Last winter, while stepping onto a bus, I had an idea for an Asteroids-like game that took place in the Poincaré Disk, a model of the hyperbolic plane best known for its use in M. C. Escher tessellation art. Well, I haven’t followed through on that, because it would be hard to do. Instead, I grabbed a much lower-hanging fruit which, to a layman observer, has a similar visual effect.
Thus was Asteroidal Projection born, an Asteroids-clone that takes place in normal Euclidean space, except with the plane compressed into a disk-shape. Distances become increasingly distorted as you get farther from the center of the screen, with distant objects remaining visual, though warped, in the edges of the disk. This visual distortion gives the illusion that the game is occurring on a curved, dome-like surface, but this is actually not the case. Mathematically, the game world is topologically equivalent to the plane, and all the physics and collision detection occurs identically to how it would on a flat play area. You can think of the game’s visuals as an alternative way of viewing flat space which keeps much more of the play area in view at once but does not preserve shape, distance, or angle.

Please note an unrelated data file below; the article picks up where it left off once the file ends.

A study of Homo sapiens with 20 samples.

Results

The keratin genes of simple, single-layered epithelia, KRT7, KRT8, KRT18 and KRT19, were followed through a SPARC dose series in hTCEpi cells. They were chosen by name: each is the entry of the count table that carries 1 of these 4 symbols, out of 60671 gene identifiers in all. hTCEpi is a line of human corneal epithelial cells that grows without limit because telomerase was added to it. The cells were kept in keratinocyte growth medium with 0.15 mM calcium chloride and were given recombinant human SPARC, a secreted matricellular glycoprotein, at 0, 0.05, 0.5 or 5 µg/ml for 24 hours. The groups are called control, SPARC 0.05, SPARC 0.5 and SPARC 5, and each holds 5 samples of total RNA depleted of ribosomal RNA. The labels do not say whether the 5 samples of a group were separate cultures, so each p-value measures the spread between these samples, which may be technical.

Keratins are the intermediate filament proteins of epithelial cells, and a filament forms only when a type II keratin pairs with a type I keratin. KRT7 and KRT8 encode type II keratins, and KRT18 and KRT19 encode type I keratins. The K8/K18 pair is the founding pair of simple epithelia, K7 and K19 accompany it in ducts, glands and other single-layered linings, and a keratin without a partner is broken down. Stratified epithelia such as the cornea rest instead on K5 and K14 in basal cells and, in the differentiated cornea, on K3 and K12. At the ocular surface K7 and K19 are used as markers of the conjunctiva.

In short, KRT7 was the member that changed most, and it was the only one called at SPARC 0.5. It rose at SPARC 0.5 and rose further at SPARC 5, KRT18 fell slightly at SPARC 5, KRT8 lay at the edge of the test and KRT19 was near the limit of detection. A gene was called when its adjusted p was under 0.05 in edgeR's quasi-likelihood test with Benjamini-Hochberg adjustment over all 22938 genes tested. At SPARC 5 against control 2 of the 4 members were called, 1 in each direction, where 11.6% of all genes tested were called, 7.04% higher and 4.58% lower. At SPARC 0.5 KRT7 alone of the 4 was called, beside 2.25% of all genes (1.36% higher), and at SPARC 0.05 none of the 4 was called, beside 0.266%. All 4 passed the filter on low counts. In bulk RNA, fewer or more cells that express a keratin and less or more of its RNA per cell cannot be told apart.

For the topology/complex analysis nerds out there, the visuals in Asteroidal Projection are the image of the Euclidean plane through this homeomorphism:
And yes, strictly speaking, this is not a projection, just the standard homeomorphism from the plane to the disk. What can I say? I didn’t think “Homeomorphic Asteroids” had the same ring to it.
Anyway, you can play it online here:
This “beta” is very informal, just drop me a line if you have any feedback! (firstname.lastname@example.org)
PS I still haven’t decided whether I’d rather use really minimalist, purely geometric visuals for this game. What do you think?